Now some fresh pickings from the Political Grapevine:

"Total Crap"

Pennsylvania Democratic congressman John Murtha says an ethics and lobbying reform bill supported by soon-to-be House Speaker Nancy Pelosi is "total crap" — but he'll support it anyway. It happened inside a meeting where Murtha and his rival for majority leader — Steny Hoyer — made their pitches to the Blue Dog Coalition — a group of moderate Democrats.

One lawmaker told "roll call" that Murtha's performance at the meeting was "stunningly awful." Murtha's bid for majority leader has been attacked by the group Citizens for Responsibility and Ethics in Washington — which named him among the top 25 "Most Corrupt Members of Congress."

Murtha was named an "un-indicted co-conspirator" in the 1980 ABSCAM bribery scandal — and both his brother and a former senior staff member are lobbyists.

No Excuse

New York Democratic Congressman Charles Rangel says there is "no excuse" for his comment last week that "who the hell wants to live in Mississippi?" Rangel — who in the next Congress will chair the tax-writing Ways and Means Committee — was talking about the fact that Mississippi gets what he called "more than their fare share back in federal money."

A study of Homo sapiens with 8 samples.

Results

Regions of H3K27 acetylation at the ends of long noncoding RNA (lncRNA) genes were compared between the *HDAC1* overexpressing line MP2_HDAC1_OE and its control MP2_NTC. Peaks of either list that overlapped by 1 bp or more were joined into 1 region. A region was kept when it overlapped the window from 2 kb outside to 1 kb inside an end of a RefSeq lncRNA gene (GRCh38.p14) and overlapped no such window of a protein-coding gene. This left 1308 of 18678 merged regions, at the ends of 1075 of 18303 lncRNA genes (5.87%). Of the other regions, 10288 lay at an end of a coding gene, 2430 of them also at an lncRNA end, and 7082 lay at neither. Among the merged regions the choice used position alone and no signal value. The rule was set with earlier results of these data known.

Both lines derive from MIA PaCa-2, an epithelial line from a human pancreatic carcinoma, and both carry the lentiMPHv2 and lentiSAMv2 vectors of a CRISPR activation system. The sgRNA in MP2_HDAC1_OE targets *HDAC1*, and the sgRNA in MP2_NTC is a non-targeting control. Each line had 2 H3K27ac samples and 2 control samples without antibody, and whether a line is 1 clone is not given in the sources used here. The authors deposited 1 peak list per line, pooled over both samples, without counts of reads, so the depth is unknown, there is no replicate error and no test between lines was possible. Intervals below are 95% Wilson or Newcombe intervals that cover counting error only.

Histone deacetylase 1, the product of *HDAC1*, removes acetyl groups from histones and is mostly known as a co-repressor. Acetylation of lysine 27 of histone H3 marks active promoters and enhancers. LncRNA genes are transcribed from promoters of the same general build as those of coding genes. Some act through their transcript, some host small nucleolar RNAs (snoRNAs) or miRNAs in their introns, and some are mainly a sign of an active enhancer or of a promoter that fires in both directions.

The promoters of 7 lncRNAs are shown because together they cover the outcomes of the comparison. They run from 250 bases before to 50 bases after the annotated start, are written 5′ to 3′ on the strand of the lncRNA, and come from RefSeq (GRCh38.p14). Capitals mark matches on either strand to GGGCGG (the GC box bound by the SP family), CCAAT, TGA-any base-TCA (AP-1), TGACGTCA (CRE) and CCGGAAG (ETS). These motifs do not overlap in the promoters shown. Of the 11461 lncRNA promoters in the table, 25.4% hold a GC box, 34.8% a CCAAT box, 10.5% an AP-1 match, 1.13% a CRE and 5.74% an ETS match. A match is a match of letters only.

The good folks in Mississippi were understandably upset — so Rangel has issued a statement saying take "I'm afraid that my love and affection for New York got in the way of my common sense and judgment, and for that I sincerely apologize."

Greatest Failure?

New York's Charles Schumer says the greatest failure of Senate Democrats was allowing conservative Samuel Alito to join the Supreme Court — and he'll make sure it doesn't happen again. Schumer tells The New York Observer that "judges are the most important. One more justice would have made it a five-four conservative, hard-right majority for a long time. That won't happen."

Schumer of course is on the Senate Judiciary Committee — which the Democrats will soon control.

Opening Day

And the English-language version of the Arabic news channel Al-Jazeera — called Al-Jazeera International — debuted today — but almost no one in the U.S. can see it. None of the major cable or satellite providers is offering it — although the station says negotiations are ongoing. The channel is streaming live on the Internet — and it is widely distributed in some European countries and even Israel.

Al-Jazeera has a reputation of being anti-West and anti-American — which it says is unfair — but the network is banned from operating in four Arab nations.

—FOX News Channel's Martin Hill contributed to this report.